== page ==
If you’ve ever driven down Monroe Street to Washington Boulevard, you’ve seen this forlorn building next to the bridge:
The brick wall is crumbing, and the building has been in disrepair for years. On first glance, it appears to be just another one of Baltimore’s many vacant properties, left to rot over the decades. However, a little research shows this isn’t just any property — it has historic significance, ties to a famous local family, and deserves to be recognized and celebrated.
The building was built in the late 19th century, as the headquarters and manufacturing center for the Alma Manufacturing Company, the first company in the United States to make steel buttons and fasteners for clothing. The company held several patents for their work, among them No. 963,193 and No. 934,136, for buckles.
On the property were long, low mill and multi-story and high-ceiling manufacturing buildings, situated near the rail tracks.
The Alma Manufacturing company was founded by a German immigrant, Herman Kerngood, in 1887. At the beginning of the 20th century, Herman Kerngood formed a partnership with Moses Hecht, Benjamin F. Hecht, Nathan I. Hecht, S.B. Sonneborn, and Isaac Blum, to establish the American Steel Buckle Company, Inc. with an authorized capital stock of $1000. The Hechts were of the same family that started Hecht Brothers and the Hecht Company chain of department stores in the Baltimore-Washington region, starting with a used furniture store founded by Samuel Hecht, in 1857.
The company was taken over by Herman’s sons after his death, and then sold to another manufacturing company in 1946.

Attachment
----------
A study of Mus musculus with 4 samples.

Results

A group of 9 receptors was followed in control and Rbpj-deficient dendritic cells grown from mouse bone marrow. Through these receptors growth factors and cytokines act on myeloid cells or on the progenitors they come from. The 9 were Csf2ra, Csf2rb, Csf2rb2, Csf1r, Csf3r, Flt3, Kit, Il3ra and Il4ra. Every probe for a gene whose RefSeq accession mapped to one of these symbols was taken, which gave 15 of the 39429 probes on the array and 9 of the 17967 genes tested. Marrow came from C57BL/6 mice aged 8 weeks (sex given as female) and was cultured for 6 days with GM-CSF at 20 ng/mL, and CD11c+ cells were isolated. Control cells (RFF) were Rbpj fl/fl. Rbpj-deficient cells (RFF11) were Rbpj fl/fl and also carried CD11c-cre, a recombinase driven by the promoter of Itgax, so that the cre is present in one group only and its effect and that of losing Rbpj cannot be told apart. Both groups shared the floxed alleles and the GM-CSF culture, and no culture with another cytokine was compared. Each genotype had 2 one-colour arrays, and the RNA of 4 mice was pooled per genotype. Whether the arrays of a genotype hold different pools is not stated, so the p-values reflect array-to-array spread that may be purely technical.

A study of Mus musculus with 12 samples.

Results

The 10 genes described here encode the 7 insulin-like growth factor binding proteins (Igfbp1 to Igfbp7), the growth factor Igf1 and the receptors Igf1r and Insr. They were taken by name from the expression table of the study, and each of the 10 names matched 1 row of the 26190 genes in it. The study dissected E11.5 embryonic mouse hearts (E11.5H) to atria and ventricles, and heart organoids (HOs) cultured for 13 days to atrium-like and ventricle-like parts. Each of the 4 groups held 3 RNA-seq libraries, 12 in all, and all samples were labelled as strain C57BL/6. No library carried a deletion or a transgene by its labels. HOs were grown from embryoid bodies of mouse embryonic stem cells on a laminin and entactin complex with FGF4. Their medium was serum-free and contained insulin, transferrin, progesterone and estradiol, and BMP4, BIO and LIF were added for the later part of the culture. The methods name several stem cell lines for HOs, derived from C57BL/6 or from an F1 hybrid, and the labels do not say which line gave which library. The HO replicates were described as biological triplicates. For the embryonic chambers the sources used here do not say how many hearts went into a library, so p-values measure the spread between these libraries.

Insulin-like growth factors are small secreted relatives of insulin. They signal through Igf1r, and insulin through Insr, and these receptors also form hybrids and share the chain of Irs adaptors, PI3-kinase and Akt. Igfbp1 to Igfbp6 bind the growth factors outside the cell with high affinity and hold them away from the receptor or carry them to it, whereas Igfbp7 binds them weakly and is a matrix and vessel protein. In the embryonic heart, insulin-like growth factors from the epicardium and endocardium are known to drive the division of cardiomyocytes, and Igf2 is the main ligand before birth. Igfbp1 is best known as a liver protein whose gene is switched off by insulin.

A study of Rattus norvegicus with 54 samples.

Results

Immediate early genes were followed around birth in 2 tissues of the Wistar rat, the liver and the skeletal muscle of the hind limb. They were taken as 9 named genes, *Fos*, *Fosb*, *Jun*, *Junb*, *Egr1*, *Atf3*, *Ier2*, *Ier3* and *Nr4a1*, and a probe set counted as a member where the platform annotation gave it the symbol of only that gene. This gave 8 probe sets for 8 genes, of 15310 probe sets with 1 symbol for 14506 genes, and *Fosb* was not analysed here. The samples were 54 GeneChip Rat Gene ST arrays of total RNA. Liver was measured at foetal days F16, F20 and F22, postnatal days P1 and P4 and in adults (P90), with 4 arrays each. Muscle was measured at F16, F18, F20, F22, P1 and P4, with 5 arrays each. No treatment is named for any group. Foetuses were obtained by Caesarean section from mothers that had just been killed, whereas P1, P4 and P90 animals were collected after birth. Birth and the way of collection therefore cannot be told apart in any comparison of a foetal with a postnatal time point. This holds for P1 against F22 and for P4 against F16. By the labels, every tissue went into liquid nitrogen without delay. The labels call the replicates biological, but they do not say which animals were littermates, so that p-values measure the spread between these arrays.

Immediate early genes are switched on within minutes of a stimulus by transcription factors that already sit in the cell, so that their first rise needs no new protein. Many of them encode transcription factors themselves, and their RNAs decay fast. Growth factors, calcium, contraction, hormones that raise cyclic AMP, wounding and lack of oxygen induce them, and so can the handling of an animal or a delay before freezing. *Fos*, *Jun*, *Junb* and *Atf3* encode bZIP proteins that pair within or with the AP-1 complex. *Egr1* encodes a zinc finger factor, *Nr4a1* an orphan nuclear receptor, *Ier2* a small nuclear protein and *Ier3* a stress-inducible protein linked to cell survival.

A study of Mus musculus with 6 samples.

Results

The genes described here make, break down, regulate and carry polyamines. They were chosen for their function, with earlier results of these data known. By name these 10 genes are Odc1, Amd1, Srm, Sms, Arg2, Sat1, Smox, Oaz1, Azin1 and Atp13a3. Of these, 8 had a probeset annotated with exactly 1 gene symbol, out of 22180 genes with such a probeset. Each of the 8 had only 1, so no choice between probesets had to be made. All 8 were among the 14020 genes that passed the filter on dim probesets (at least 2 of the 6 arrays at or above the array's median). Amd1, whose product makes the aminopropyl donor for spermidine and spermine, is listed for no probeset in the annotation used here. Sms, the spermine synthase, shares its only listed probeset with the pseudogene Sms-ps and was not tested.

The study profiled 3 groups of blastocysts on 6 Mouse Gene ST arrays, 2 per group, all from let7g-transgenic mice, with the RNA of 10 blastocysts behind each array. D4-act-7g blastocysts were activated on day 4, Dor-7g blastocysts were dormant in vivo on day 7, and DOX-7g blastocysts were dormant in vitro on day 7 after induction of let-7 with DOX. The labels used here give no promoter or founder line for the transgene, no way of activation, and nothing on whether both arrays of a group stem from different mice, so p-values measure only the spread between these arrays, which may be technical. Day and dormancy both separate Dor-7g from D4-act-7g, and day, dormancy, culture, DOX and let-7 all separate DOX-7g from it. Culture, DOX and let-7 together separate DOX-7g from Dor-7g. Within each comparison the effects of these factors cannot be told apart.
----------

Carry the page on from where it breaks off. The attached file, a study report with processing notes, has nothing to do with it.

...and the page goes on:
Source: Baltimore Sun, August 2010 “Shopping in Fells Point at Hecht’s Reliable Store” by Jacques Kelly
Sometime around 1983, the complex was purchased by one Mahendra “Mike” Shah, who named the industrial center “Shah Industrial Park”. One of its tenants at that time was the Naron Candy Company.
In 1996, the complex burned to the ground in one of the worst fires in SW Baltimore. It was later determined by the court that Shah had committed numerous counts of insurance fraud, arson, mail and wire fraud violations, and money laundering. He was subsequently sentenced to 15 years in prison, in 2004. In 2006, Shah sought to overturn his conviction, but the US Court of Appeals, 4th Circuit, denied his appeal.
Currently, the property is owned by a graphic artist and his wife, having purchased the property in 2009. I reached out to them twice to find out what they intend to do with the property — once two weeks ago, and then again this morning. Hopefully they’ll respond. It’s a terrible shame to see such an important property fall into an even greater state of disrepair.